The Premack Principle asserts that more probable behaviors can be used to reinforce less probable behaviors. Essentially, this means that we can get our dogs to do stuff that we want (and virtually everything we want dogs to do, from sit stays to heeling, is “less probable behavior” in dogland) by giving them what they want (the “more probable behavior” category generally involves everything dogs like to do, from chasing squirrels to sniffing another dog’s butt or eating or rolling in poop and long-since dead creatures).
At the seminar this weekend, Kathy provided us with a professor’s sample ethogram for his own behavior. Checking email, taking a nap, and eating a snack were all more probable behaviors for him. He did them frequently. Not all of these more probable behaviors are positive reinforcers. While the nap and snack are certainly positive reinforcers, checking email is often negatively reinforcing – we do it because we can then check it off our “to do” list. It’s the relief of having it done that reinforces us.
On the good professor’s list of less probable behavior were household chores, grading papers, and curriculum development. Even though checking email is a negative reinforcer it could very easily be used to reinforce cleaning the gutters on the house.
While I am a big advocate of Premack, Kathy taught me this weekend that I didn’t use it nearly as frequently or as effectively as I could or should.
I decided to look carefully at what would incorporate Mokie and Monte’s “more probable behavior” lists. Mokie’s would likely look like this:
Cuba’s list may look like this:
Notice that these are not ordered sequentially. I did this intentionally, because reinforcement values are dynamic. While for Mokie, chasing a squirrel is virtually always number one on the reinforcement list, most of them shift in importance according to context. What’s on your “most probable behaviors list?” Mine includes time spent with my husband, training opportunities with my dogs, turning off the laptop and/or cell phone, crossing email off my to do list, having a glass of wine, making and crossing things off lists, clean sheets on the bed, a chapter of a good book, camping/hiking/swimming, attending training seminars, and downloading a new song for my iPod.
While I wanted to leave the seminar yesterday and immediately start training, I knew that my brain was too tired and that I’d probably make poor training decisions – sloppy mechanics, poorly timed clicks or reinforcement deliveries, etc. Today, I hope to reward myself with a little dog training time now that my brain is much “fresher” and has had some time to process everything from this weekend’s seminar.
I did use Premack this morning to reinforce Cuba for going potty outside. Trust me, it nearly killed me to reward my sparkly white, newly bathed Saint Bernard puppy’s appropriate toileting behavior with a chance to dig in a dirt hole that has captivated his attention. But I think the essence of using Premack effectively is always watching and listening to your dog – what does she or he want most right now? To sniff a bush? Pee on a fence post? To begin a training session? To take a nap on her bed?
When training a new behavior, we frequently use food rewards because they are easy to manipulate, quick to deliver and consume, thus allowing us to achieve a high rate of reinforcement, speeding the acquisition of new behavior. But often, life rewards trump food rewards in a number of different contexts.
Remember yesterday’s entry and our friend who could not get her dog to sit for kibble, hot dogs, and eventually steak at the dog park? Maybe at the dog park, her dog doesn’t want food, he wants to play. He wants to sniff another dog’s butt, help Dakota the Lab dig a hole halfway to China, run as fast as he can, learn herding from a Corgi. You may find these things to be insurmountable distractions. Your dog finds them to be the strongest reinforcement in that environment and they are like a perfectly ripe plum on a tree, waiting to be picked and incorporated into your reinforcement tool bag. Pick those plums!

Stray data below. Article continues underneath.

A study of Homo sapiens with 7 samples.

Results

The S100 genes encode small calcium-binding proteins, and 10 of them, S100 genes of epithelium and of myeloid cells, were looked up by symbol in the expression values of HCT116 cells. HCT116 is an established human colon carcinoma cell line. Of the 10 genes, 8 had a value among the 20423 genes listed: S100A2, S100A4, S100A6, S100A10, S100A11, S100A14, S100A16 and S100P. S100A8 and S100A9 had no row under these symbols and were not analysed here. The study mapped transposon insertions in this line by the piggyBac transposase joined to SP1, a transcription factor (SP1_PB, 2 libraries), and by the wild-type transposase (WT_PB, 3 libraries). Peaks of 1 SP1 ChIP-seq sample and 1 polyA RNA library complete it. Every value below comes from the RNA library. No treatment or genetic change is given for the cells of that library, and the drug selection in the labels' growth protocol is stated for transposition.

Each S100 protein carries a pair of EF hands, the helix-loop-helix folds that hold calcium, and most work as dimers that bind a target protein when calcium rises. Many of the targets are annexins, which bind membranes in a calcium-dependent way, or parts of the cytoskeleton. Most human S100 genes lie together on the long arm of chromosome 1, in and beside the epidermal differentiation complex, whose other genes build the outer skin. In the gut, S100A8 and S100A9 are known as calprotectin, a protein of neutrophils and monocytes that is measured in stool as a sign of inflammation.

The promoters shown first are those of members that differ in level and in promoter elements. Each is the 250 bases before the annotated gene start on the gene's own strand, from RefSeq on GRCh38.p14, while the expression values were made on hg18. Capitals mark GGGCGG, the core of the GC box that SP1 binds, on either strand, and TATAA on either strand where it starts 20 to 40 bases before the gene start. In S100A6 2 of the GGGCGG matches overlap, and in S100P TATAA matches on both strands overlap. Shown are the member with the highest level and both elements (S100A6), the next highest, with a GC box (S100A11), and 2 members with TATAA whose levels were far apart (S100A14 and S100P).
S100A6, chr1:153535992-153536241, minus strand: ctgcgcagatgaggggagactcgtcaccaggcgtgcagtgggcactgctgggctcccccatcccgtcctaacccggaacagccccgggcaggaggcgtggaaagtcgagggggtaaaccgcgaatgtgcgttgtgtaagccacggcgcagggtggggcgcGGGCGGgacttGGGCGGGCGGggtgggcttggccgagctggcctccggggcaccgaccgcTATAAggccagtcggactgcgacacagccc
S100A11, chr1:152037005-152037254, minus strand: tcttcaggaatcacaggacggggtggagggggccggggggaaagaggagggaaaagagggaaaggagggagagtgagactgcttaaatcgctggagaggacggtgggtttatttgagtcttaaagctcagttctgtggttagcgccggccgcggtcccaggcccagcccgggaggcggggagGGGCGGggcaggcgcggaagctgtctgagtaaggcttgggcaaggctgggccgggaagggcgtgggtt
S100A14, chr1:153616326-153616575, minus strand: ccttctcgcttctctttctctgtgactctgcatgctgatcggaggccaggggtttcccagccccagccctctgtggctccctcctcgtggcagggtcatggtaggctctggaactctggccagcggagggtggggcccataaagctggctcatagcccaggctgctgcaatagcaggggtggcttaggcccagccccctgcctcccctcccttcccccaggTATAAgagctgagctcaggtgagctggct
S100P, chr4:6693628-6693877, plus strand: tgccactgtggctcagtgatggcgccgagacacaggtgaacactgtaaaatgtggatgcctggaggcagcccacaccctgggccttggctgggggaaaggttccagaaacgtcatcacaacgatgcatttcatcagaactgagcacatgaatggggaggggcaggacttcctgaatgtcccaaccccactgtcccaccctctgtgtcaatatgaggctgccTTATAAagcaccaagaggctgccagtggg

Really, what is at the essence of the Premack Principle is immediacy. If you were not interfering or interacting with your dog and she were left to her own designs, what would she choose to do in that environment, in that exact instant?
Pet owners are often told they must be the most interesting thing in their dog’s environment. I think this is very unrealistic and somehow puts the dog’s desires and those of the owner at odds – it is almost combative, like a war. You vs. The Environment. But sometimes the environment will be more exciting. Part of it is related to deprivation – your dog gets to see and be with you for many hours every day. How often does he get to spend squirrel chasing? Butt sniffing? Digging holes? Fetching sticks? Running off lead? Chances are, not many. Hey, we’re all busy people, I get that.
We reinforce with food frequently because it’s easy, but that does not mean it’s the most powerful reinforcement we have available to us in any given circumstance. Sometimes Premack looks silly. Thankfully, I’m staying at a beautiful cottage in the middle of 180 wooded acres intersected by a lovely stream. I would have felt pretty embarrassed, in the front yard of my suburban dwelling, yelling “YAY!” while running and clapping my hands to go dig in the dirt with Cuba. But I’d do it. Good behavior is important to me, and if I can make Mokie and Cuba’s access to the things that are important to them contingent upon good behavior, we are no longer opposing each other but thriving together as a training team.
And now, I’m going to reward myself for finishing this article by going to the creek with Mokie and Cuba. While we’re down there, I think I’ll do a training session or two with each of them using only life rewards.
If you like, share your dog’s list of “most probable behaviors” in the comments, I’d love to read them!